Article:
Civility, activism and education as Baltimore marks sixth night of protests with peaceful reflection. And food.

Thank you for supporting our journalism. This article is available exclusively for our subscribers, who help fund our work at The Baltimore Sun.

The sixth day of demonstrations began in a uniquely low key Baltimore way with a longtime activist and barbecue cook Duane “Shorty” Davis cooking for a small crowd in War Memorial Plaza.

Davis called it an “Art and Activism” event, an avenue for members of the community to eat, showcase art and talk about racism in America.


“Today we’re going to practice civility. We’re going to practice education. We’re going to practice entertainment. And we’re going to practice fellowship,” said Davis, taking a break from grilling meat.

As his event ended, several hundred protesters began assembling around him near City Hall for a separate demonstration and another group began marching miles away on Reisterstown Road in Baltimore County near Franklin High School. Two other protests, one in Harford County in the afternoon and a second on Reisterstown Road near Northern Parkway later in the evening showed that the movement started after the death of George Floyd at the hands of police officers in Minneapolis last week showed no signs of being over.


Thousands of people of all ages and races have taken to the streets across the country, saying they would continue until leaders addressed both structural racism and police violence.

A large crowd gathered in front of the Harford County Courthouse in Bel Air Wednesday afternoon in protest of the death of George Floyd and many other African Americans at the hands of law enforcement.

At the later event outside City Hall, organized by a number of groups focused on city youth, speakers, including Wesley Hawkins, an activist who runs a mentoring program, stressed the need to hold elected officials accountable.

Hawkins said he invited multiple officials, including Mayor Bernard C. “Jack” Young and Police Commissioner Michael Harrison, but they had not arrived by nightfall.

At the intersection of Baltimore Street and Gay Street, the group had a standoff with police officers between a barricade. They implored the officers to ask Baltimore Police Commissioner Michael Harrison to come out and join them. They said they hoped for a meeting on Thursday.

About 17 miles away, a group of about 25 people stood outside Franklin High School and, despite the warm temperatures, marched down Reisterstown Road to advocate for justice. Car horns honked as the group, composed mostly of young people, shouted “Justice for George Floyd” and waved signs.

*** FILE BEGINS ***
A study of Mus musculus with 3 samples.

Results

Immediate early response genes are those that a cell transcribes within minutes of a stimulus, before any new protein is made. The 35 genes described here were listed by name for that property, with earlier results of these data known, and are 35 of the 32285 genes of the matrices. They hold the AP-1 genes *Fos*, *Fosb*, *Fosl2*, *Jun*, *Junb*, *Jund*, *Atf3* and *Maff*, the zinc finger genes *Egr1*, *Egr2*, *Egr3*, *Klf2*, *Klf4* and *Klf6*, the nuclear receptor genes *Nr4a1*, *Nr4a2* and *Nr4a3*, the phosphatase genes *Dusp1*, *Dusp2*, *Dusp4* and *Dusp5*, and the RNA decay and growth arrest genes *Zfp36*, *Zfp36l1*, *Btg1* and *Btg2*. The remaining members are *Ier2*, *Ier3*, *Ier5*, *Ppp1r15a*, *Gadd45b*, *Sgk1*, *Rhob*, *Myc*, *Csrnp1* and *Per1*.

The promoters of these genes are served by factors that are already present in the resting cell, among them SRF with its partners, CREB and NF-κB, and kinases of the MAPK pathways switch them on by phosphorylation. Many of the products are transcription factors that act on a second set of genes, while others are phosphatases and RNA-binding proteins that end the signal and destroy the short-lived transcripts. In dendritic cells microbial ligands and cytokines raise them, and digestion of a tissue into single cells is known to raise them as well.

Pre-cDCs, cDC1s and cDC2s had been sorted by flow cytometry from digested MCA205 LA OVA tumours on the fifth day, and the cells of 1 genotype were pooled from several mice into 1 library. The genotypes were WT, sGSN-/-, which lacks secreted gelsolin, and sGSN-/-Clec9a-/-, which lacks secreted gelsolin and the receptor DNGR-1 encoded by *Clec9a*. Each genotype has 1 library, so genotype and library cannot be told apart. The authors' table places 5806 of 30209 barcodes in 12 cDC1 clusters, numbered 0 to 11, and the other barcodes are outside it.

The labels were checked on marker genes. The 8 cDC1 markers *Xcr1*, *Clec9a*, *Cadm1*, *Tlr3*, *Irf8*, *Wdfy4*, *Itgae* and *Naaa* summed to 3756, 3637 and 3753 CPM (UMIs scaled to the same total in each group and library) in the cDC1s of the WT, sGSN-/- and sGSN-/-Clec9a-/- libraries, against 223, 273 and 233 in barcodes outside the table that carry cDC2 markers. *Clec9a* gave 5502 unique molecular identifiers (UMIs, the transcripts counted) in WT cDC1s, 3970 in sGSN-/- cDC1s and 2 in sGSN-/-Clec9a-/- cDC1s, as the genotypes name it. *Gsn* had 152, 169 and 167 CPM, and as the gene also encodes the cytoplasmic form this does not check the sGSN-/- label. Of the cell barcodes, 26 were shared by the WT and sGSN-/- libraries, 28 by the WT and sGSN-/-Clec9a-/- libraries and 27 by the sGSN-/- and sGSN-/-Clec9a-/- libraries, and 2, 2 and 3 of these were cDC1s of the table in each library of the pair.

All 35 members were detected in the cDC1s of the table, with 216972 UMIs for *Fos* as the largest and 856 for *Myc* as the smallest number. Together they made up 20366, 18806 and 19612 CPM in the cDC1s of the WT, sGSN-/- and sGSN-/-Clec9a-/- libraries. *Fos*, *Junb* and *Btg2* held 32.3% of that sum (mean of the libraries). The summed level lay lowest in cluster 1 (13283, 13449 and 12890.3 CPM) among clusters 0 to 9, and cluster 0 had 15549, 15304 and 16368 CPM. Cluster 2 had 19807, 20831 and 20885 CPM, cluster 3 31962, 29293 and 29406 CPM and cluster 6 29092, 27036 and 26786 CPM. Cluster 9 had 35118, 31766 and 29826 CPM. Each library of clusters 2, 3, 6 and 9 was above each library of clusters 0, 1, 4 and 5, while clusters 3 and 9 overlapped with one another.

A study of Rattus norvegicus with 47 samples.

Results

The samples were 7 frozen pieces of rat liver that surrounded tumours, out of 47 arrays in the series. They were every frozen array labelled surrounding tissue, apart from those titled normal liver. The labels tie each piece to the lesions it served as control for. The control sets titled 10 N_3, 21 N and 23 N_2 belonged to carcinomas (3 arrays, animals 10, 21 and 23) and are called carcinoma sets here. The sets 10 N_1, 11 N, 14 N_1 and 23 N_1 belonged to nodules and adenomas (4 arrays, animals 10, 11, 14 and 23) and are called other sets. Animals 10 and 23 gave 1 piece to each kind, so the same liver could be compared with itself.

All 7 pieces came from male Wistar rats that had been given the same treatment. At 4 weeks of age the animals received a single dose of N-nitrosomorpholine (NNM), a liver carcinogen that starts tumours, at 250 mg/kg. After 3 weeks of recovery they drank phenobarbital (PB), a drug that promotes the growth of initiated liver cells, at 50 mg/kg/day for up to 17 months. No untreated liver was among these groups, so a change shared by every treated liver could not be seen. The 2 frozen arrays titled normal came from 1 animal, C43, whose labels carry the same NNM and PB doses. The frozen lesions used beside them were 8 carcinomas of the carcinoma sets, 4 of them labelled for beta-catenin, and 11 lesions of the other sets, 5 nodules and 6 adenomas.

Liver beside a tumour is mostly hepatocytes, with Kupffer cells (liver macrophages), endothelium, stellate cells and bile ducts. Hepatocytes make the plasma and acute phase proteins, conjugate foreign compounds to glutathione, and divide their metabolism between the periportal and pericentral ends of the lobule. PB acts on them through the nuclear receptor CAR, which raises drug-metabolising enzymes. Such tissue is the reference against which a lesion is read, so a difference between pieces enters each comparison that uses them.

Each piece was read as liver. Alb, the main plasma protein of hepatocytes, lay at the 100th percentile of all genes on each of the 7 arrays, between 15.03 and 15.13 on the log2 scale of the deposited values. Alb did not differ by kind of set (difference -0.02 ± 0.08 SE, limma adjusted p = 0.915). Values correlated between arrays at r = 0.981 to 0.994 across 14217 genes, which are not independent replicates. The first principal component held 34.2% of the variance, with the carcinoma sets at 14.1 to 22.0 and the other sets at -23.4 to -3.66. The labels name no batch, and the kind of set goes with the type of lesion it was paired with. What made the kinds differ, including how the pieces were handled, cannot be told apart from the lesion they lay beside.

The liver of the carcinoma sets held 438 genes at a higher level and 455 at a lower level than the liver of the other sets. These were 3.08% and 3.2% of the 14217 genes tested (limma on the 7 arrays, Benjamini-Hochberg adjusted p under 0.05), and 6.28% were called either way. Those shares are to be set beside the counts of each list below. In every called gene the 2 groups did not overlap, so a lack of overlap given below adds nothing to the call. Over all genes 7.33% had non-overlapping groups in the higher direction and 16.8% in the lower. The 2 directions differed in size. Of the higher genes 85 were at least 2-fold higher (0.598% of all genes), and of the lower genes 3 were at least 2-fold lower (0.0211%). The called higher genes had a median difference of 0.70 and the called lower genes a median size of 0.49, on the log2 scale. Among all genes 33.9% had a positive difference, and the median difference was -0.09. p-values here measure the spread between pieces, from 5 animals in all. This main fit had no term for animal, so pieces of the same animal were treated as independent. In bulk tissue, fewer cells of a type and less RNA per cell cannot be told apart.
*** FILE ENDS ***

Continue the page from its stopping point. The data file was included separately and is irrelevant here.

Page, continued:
Kai Smith said he found out about the student-led protest on Instagram. The rising sophomore at Temple University said he’s “sick and tired” of racial inequalities and police targeting black people.

“This has been going on for too long,” the 18-year-old said. “We want justice.”

In Baltimore County, Police Chief Melissa Hyatt mingled with youth holding the protest near Franklin High School telling them she wanted to make sure they were safe because they had not notified police about the protest.


Farther south on Reisterstown Road at Northern Parkway, more than 20 people calling themselves “hug dealers” said they represented a group that wanted to spread a message of love. They wore orange, yellow and green shirts, waved and shouted “hug don’t shoot” and “virtual hug, spread the love.”

Corey “Spoon” Witherspoon said spreading the message about love and hugs is even more important in wake of George Floyd’s death.

“We’re just trying to show that even though it’s virtual right now, through it all we can all still spare love,” he said.

Since protests began in Baltimore, Val Jenkins has been out almost every day, not only to promote virtual hugs but also because she’s tired of black people being killed.

“We’re all going to die some day,” she said. “So how about we die from a fire or a heart attack instead of murder."

At a press conference earlier Wednesday afternoon, Hogan again praised the city for its largely peaceful protests.


Breaking News Alerts

As it happens

Be informed of breaking news as it happens and notified about other don't-miss content with our free news alerts.

“We’re one of the only cities in America that didn’t have lots of violence," said Hogan, adding that having protesters working with police to quell violence showed “quite a bit of trust.”

Hogan said the U.S. Secretary of Defense had called him directly to speak about using the military in response to protests in Maryland. Hogan said 1,300 National Guard members had been mobilized during the COVID-19 crisis and said the federal government asked if they could fill in for the park service police in Washington, D.C.

“They are now patrolling our nation’s monuments,” Hogan said. “They were there last night."

At the Harford County Courthouse in Bel Air, about 200 people gathered at 1 p.m. Wednesday for a peaceful demonstration. Speakers called for changes in the fractured relationship between police and the African-American community across the nation as the crowd chanted.

Across the street, sheriff’s office employees watched from their headquarters building. Protesters later crossed the street and stopped at the Sheriff’s Office entrance, just before a line of yellow tape. A few people shouted and cursed while the majority of the protesters called for police officials to “take a knee” in solidarity with them.

Havre de Grace Police Chief Teresa Walter talked to one demonstrator but did not respond to the protesters’ demands and walked back inside as the crowed booed.


Baltimore Sun Media reporter David Anderson contributed to this article.